Khris Davis has elements of being a very good player. No matter what his reputation might be, he’s perfectly good at tracking down fly balls. He runs fairly well, all things considered, and he’s swinging at a career-low rate of pitches out of the zone. What’s most important, as you already know, is that Davis has power. Major power, big-time power, the kind of power that plays in any park. Davis swats a bunch of home runs. He does so while rarely popping up. He has a career wRC+ of 122, which ties him with Carlos Santana and Yoenis Cespedes.
The A’s are happy to have Davis. Any lineup would be happy to have Davis in it. There’s just — look, it’s not like I take extra pleasure in this. I’ve got nothing against Khris Davis. I just feel obligated to point out some numbers. A short while ago, I wrote about Bradley Zimmer’s outstanding throwing arm. It’s no secret that Davis doesn’t have an outstanding throwing arm, himself. It’s a known weakness, but this year has still been exceptional. In the Zimmer post, I combined DRS and UZR arm-value measures into one. I showed you the current top-10 arms. Here are the current bottom-10 arms.
|Player||OF Innings||Arm Value|
Just as in the Zimmer post, here’s how 2017 left fielders have done defensively, in terms of holding baserunners, and throwing them out. Davis is the point in yellow.
Davis has recorded one assist. There are 40 left fielders with more than that. And when Davis has had a chance, he’s prevented a baserunner from advancing 52% of the time. The league average for left fielders is a hair over 63%. Obviously, when the surface numbers are bad, the underlying numbers must also be bad. These are bad numbers.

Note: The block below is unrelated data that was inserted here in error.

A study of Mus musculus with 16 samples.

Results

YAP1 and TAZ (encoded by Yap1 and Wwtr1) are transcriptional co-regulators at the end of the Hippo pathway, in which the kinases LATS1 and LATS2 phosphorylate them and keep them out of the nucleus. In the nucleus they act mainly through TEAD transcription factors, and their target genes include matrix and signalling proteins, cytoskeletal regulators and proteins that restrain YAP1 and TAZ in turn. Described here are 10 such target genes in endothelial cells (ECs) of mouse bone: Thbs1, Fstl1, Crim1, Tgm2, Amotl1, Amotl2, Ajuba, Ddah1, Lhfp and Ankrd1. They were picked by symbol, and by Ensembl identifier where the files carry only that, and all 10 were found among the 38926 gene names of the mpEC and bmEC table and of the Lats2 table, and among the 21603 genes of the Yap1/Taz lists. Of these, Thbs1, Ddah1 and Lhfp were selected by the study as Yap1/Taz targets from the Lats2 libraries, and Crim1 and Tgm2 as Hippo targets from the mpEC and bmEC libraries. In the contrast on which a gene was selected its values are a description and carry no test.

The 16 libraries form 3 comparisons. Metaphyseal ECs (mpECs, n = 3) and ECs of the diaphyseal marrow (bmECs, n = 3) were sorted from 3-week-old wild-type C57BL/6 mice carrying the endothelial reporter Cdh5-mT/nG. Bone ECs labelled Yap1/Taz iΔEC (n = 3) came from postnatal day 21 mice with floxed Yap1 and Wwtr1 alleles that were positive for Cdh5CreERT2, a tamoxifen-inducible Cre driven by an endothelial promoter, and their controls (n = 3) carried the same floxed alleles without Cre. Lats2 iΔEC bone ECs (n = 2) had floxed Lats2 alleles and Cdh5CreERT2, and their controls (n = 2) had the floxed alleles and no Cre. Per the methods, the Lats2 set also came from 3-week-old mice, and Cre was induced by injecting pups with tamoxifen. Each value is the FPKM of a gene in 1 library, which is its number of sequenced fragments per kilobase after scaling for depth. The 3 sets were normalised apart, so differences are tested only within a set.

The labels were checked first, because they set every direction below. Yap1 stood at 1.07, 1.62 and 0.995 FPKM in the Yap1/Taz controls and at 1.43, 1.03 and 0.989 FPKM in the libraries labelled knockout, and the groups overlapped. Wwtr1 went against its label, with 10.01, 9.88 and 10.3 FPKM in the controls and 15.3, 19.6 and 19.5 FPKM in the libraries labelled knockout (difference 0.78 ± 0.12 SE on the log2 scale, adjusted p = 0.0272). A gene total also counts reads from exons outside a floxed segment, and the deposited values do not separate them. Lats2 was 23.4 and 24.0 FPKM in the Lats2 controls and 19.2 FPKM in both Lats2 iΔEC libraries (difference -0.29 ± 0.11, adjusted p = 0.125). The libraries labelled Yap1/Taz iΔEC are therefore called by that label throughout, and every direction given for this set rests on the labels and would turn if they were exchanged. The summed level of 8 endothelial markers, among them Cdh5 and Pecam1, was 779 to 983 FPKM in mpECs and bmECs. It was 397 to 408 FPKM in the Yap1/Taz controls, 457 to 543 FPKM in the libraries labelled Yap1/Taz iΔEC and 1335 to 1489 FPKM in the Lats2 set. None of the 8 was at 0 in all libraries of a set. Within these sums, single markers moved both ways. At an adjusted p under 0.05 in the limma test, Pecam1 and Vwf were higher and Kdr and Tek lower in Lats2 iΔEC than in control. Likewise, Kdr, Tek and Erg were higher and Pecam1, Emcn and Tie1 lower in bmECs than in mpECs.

Davis is already at -8.5 runs. That’s the number from the earlier table, and while all these arm-value numbers are estimates, they’re the best we’ve got. That’s the third-worst arm-value rating since 2003, which is as far back as we have both DRS and UZR available. And I’m writing this on July 24. The two players with worse outfield arm seasons played nearly twice as many innings in the outfield as Davis has to date. And their arm values were worse by tenths of one run. To put everything on a consistent scale, why not establish a denominator of 1000 innings?
That’s what I’ve done. I looked at every player-season since 2003 in which someone played at least 500 innings in the outfield. I calculated UZR arm per 1000 innings, and I calculated DRS arm per 1000 innings. I figured I should show them both, since they’re somewhat different. Davis, one more time, is shown here, highlighted.
By UZR arm, no one’s been worse. By DRS arm, no one’s been worse. Combine the two, and 2017 Khris Davis is at -13.3 arm runs per 1000 innings. That would be easily the worst in the sample, with the second-worst season belonging to 2013 Juan Pierre, at -9.7. Davis is taking this and running away with it.
Because the season hasn’t finished, Davis could recover. His arm could play better from here on out. But that’s likely to require some luck, since the arm isn’t good on its own. Davis seems to be having the worst arm season on recent record. It’s usually not the kind of thing you worry about, but in this particular case, it’s been costing the A’s actual runs. I don’t know what you do about it, given that Davis appears too good at running down flies to be a DH. This is just a part of the Oakland reality.
The one assist to 2017 Davis’ name? Jose Ramirez was the victim.
Ramirez lost track of the ball, and froze. Davis identified what was happening, and hit his cutoff. In one sense, it was a gimme assist. In another, was it, really?
Jeff made Lookout Landing a thing, but he does not still write there about the Mariners. He does write here, sometimes about the Mariners, but usually not.